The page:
The Pensions Regulator (TPR) has published guidance for defined benefit (DB) consolidators, setting out the framework for their authorisation and regulation.
Specific consolidator legislation had been expected to be included in the Pension Schemes Bill which has now passed through the House of Lords. However, following the omission of consolidators from the bill, TPR’s guidance sets out the interim regime for consolidators and creates a pathway for scheme transfers.
Employers were understandably concerned that a transfer to a consolidator could lead to TPR exercising its moral hazard powers. Although existing legislation does not prohibit transfers, the interim guidance creates an approved route so that employers can transfer their scheme, namely a successful clearance application.
Nevertheless, the interim guidance is only a starting point: employers and trustees can expect further changes as TPR’s guidance evolves.
Under the guidance, consolidators must be assessed against certain criteria. Some key requirements include the minimum technical provisions set by TPR, triggers in their legal arrangements (for example, low-risk funding and wind-up triggers) and a prohibition on value extraction unless scheme benefits are bought out in full with an insurer.
Employers will be expected to apply for clearance from TPR before transferring their scheme, as transfers will be considered a type A event. Since clearance was first introduced, applications had dropped, making the clearance process relatively rare for most DB schemes.
But TPR clearance is not the same as approval. Instead, provided that certain conditions are met, clearance constitutes a legally binding assurance that TPR will not use its anti-avoidance powers in respect of a transaction against the parties which apply for clearance. Although not mandatory, employers which do not seek clearance take the risk that TPR may exercise its moral hazard powers.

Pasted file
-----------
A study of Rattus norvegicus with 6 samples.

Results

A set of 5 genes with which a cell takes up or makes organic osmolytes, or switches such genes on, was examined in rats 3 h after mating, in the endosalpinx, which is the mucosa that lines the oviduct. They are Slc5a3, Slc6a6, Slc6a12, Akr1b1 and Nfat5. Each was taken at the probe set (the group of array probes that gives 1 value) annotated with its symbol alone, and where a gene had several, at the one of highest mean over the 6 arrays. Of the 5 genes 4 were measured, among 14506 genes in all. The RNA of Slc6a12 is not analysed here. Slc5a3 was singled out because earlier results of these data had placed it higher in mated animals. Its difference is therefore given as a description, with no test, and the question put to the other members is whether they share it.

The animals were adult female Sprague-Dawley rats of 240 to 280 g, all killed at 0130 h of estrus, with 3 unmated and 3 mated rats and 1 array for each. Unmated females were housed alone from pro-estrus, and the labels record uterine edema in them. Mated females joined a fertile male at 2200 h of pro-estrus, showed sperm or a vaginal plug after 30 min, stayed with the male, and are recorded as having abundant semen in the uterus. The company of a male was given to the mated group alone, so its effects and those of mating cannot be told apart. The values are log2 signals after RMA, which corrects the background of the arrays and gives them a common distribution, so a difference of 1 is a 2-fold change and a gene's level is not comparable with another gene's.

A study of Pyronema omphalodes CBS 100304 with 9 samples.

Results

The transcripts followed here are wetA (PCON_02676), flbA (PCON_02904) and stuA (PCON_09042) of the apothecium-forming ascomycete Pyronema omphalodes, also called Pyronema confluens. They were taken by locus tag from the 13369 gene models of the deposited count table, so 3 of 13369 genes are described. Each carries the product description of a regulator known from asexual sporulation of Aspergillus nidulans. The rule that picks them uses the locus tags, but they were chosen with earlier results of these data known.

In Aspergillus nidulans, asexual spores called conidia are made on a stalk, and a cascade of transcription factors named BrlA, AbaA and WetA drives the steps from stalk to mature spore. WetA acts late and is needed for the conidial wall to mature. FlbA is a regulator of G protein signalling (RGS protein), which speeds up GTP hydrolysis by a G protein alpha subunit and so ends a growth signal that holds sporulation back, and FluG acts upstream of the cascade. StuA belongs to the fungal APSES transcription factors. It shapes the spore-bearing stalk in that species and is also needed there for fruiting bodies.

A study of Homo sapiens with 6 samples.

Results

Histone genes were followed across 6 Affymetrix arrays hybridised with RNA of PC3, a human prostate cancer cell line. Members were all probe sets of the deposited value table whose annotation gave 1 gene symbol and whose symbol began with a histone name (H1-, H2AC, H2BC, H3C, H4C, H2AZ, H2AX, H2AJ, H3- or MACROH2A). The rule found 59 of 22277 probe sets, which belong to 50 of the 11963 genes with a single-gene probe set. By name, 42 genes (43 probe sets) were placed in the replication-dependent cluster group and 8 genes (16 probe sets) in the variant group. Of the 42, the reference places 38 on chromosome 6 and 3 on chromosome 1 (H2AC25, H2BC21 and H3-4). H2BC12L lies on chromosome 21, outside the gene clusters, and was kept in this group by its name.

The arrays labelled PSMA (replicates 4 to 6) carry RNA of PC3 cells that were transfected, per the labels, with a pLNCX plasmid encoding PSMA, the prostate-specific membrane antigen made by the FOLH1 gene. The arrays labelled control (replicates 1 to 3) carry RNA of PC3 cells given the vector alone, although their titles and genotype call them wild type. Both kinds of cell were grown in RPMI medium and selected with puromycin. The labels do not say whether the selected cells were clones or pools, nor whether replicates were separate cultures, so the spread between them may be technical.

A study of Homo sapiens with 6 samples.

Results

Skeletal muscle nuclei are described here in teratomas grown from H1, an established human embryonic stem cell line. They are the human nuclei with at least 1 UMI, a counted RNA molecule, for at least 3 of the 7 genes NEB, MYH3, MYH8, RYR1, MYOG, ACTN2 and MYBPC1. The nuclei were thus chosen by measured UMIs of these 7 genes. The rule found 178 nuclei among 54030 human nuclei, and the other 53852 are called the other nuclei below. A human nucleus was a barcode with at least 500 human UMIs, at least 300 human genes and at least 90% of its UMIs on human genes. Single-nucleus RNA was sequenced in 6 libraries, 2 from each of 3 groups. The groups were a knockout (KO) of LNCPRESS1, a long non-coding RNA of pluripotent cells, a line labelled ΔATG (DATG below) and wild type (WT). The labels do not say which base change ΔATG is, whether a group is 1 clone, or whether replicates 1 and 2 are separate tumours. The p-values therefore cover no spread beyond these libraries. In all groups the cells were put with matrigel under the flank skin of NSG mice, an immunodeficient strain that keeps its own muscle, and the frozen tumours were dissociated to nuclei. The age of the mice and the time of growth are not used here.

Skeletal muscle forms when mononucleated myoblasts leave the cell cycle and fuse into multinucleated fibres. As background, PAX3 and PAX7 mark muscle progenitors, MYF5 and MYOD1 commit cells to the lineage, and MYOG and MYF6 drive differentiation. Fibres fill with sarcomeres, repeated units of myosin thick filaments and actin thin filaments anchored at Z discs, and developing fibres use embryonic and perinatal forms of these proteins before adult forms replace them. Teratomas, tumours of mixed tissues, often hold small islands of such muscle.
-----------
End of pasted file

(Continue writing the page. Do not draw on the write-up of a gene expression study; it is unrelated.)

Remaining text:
The interim regime focuses on the assessment and regulation of consolidators, with no specific guidance for trustees. While TPR will expect to see the ceding trustees’ due diligence as part of a clearance application, clearance does not provide trustees with much comfort. Trustees will nevertheless need to determine whether a transfer is in their members’ interests and in accordance with their duties, as clearance does not constitute a barrier to subsequent member challenges.
There is no fixed timetable ahead. But further guidance is expected in relation to monitoring, reporting and the mandatory protections required of consolidators’ legal arrangements. Additional changes may be made to address new entrants entering the market.
Although helpful, TPR’s guidance does not represent the final settled position. Specific consolidator legislation has been promised, but no timetable set, and it could be some years before we see this. Consolidators, schemes, employers and their advisers will, therefore, have to respond and adjust as the guidance and TPR’s expectations evolve.
Rosalind Connor is a partner and Aneliese Sweeney is an associate at Arc Pensions Law.